ANALYSIS: Wokeness has peaked, but it's not going anywhere, experts argue
Academics and research scientists are asking whether American culture has moved beyond 'peak woke' amidst a greater tolerance of heterodox ideas and as cancel culture is on the decline.
One expert, however, argues that so-called 'Awokenings' are cyclical and leave lasting changes in higher education and other institutions even after wokeness has peaked.
Academics and research scientists are asking whether American culture has moved beyond “peak woke.”
Recent reports show greater tolerance of heterodox ideas as cancel culture and social justice-oriented research and journalism are on the decline. The reports also suggest, however, that this is not the last time that leftist ideas will exert an ideological stranglehold on education, major corporations, and the media.
The so-called “Great Awokening” began around 2011 and “lasted about 10 years,” according to Columbia University sociologist Musa al-Gharbi. “In my forthcoming book, I show that there were three previous periods of rapid normative and discursive change (’Awokenings’) among knowledge economy professionals,” he told Campus Reform.
Al-Gharbi previewed his argument in February articles published by the Heterodox Academy (HxA) blog and Compact Magazine, as well as an extended analysis on his website. He suggests that, by almost every measure, the woke fervor is coming to an end.
Other experts seem to agree. Analyses of tweets and articles in The New York Times, released by research scientist David Rozado in the same month, document the downward trend in buzzwords such as “sexism” and “systemic racism.”
In his blog Marginal Revolution, George Mason University Economist Tyler Cowen wrote on Feb. 19 that measures of wokeness do not depict “a world where woke will just keep on taking more and more ground.” Cowen pointed out that, as workers in the technology sector experience massive layoffs, jobs in diversity, equity, and inclusion (DEI) “are taking the brunt of the blow.”
Before documenting the fall of wokeness, al-Gharbi’s analysis describes its rise: calls “to get people fired for saying the wrong thing,” “DEI initiatives,” and other markers of the Great Awokening among knowledge workers–those “in fields like tech, finance, education, journalism, arts, entertainment, design and consulting (and students who aspired to these professions).”
He told Campus Reform that “’Awokenings’ are, at bottom, … a conflict between established knowledge economy workers and underemployed and aspirant knowledge economy workers.”
“People who are trying to establish themselves as elites but whose prospects do not match their aspirations lean on social justice discourse to condemn the system that failed them and to demand that existing elites be replaced by people like themselves,” he continued.
The institutions where left-leaning knowledge workers have influence are showing signs that they are past peak wokeness, according to al-Gharbi’s analysis. Social media companies, for instance, are “reinstat[ing] the accounts of Trump and other controversial right-aligned personalities.”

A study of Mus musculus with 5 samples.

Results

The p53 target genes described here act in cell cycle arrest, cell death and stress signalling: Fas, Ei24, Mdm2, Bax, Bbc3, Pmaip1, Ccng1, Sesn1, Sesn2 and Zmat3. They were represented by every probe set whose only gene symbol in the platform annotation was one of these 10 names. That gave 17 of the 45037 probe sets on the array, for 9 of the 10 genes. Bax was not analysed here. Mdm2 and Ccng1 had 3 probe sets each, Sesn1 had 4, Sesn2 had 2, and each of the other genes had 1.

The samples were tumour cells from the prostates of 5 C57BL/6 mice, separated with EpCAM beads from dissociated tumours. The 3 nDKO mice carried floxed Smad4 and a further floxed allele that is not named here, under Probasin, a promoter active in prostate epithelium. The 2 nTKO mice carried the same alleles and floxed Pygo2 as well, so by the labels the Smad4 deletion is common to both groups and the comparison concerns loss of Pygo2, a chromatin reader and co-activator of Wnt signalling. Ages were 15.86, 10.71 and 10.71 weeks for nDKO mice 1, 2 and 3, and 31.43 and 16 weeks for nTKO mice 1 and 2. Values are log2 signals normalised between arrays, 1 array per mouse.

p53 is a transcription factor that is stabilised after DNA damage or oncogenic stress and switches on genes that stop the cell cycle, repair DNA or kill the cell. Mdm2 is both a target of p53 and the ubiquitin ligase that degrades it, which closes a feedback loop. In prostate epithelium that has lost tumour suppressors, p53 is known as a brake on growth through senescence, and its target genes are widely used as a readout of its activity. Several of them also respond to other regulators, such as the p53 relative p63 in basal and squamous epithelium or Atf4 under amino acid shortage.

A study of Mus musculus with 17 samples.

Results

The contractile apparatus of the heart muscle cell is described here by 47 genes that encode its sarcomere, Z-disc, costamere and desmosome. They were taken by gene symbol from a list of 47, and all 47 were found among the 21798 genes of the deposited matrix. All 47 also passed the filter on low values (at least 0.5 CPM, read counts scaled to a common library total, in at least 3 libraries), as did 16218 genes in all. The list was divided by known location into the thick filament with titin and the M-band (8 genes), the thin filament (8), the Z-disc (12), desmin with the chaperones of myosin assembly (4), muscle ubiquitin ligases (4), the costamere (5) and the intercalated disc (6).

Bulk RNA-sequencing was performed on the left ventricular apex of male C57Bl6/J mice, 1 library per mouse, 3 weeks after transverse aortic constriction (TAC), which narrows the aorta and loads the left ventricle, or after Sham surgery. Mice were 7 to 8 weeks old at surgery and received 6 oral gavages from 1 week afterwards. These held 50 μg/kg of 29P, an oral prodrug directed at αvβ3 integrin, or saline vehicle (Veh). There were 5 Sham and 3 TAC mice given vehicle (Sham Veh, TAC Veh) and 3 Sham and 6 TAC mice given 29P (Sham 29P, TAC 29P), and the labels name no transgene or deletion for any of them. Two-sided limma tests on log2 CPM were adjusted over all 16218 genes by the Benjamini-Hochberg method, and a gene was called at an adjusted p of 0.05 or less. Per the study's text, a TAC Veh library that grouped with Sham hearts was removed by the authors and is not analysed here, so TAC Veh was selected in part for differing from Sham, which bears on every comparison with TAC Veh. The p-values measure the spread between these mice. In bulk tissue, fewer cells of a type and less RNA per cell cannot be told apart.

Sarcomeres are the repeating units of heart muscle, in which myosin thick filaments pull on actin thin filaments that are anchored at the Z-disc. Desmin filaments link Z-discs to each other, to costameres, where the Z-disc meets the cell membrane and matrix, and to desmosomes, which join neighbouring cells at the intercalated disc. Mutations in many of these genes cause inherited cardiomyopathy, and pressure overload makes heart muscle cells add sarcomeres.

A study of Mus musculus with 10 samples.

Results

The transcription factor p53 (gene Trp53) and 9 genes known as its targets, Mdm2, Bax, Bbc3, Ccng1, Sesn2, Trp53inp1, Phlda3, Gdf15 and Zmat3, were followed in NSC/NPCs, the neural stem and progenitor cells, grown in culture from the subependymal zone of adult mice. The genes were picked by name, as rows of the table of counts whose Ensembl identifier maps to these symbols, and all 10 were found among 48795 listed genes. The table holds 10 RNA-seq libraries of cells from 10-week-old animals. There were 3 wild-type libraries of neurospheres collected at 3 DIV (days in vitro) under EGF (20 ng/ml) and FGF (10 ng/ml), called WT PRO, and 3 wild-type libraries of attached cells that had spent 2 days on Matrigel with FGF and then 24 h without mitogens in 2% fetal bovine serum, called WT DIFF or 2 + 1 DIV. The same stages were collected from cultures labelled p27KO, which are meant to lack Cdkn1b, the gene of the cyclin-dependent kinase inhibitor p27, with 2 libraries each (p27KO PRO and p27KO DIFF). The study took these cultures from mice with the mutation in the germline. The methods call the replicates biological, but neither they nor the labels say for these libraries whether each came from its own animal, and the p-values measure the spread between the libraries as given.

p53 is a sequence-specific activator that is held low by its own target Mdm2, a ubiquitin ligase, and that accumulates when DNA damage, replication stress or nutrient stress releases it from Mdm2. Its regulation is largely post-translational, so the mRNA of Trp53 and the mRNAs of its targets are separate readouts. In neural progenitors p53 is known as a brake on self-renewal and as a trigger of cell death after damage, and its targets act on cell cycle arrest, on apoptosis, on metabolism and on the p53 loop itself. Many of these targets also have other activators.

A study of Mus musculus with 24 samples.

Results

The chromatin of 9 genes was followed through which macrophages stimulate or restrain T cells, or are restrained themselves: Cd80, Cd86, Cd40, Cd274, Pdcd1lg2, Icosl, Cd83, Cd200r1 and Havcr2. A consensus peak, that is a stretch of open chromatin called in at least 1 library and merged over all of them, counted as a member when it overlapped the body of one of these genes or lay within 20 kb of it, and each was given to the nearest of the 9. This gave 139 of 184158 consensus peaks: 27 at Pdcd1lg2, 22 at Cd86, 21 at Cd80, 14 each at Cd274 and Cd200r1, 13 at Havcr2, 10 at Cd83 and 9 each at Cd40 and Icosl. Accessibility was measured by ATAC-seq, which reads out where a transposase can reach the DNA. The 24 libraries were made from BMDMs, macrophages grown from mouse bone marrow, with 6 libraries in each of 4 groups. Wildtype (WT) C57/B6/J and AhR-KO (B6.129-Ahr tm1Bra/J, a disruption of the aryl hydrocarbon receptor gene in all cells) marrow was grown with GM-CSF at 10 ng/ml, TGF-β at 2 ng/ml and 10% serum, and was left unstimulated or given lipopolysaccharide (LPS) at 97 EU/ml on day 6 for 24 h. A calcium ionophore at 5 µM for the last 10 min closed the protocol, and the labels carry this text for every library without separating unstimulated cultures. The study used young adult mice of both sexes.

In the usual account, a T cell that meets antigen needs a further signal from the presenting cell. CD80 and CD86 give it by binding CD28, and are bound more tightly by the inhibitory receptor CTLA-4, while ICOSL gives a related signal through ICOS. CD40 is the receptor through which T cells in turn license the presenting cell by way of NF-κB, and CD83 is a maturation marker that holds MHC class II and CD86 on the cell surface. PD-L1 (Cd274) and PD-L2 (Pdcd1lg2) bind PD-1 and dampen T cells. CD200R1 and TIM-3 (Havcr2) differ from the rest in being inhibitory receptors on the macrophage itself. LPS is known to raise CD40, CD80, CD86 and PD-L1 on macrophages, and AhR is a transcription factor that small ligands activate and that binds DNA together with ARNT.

Left-leaning outlets are covering issues such as gender-affirming care for minors with more nuance and chiding their journalists when they criticize colleagues for not towing the ideological line. Al-Gharbi also noted “significant declines in the quantity of scholarship produced on identity-based bias and discrimination in recent years.”
There are even “vibe” changes, he wrote, among Millennials and Gen-Zers who are tired of the humorlessness that accompanies wokeness.
Al-Gharbi’s forthcoming book does argue that wokeness is cyclical, according to his interview with Campus Reform, so its decline could be temporary–if it is declining at all.
Rozado’s analysis of tweets shows a rebranding of wokeness. Social justice-related words “with positive connotations,” such as “inclusion,” “equality,” and “safety,” are “not decreasing in prevalence on Twitter.”
Meanwhile, “racism,” “misogyny,” “homophobia,” and other words “suggestive of bad behavior/processes” show a moderate decline, according to Rozado’s “tentative hypothesis.”
“This suggests that the jury is still out in terms of whether the Great Awokening is winding down,” he wrote.
Even when they do eventually come to an end, periods of Awokening exacerbate partisan politics. Al-Gharbi told Campus Reform that institutions including higher education and the media often shift to the left “in an enduring way.”
“However, they don’t tend to correlate with meaningful or enduring benefits for the genuinely marginalized, vulnerable or disadvantaged in society,” he added.
Based on al-Gharbi’s argument, wokeness coincides with a similar fervor on the right.
“We’re now seeing significant appeal for politicians like DeSantis,” al-Gharbi said. He described the way in which right-leaning voters–dissatisfied with the left’s capture of higher education, the media, and other institutions–will see “gains at the ballot box.”
“[Awokenings] also often give rise to new right-aligned platforms … from think tanks (as an alternative to universities), to right-aligned television and other media outlets, to the current movements for right-aligned social media platforms,” al-Gharbi continued.
“Many of these endure and exert cultural influence even after the right-aligned counter-movement itself runs out of steam.”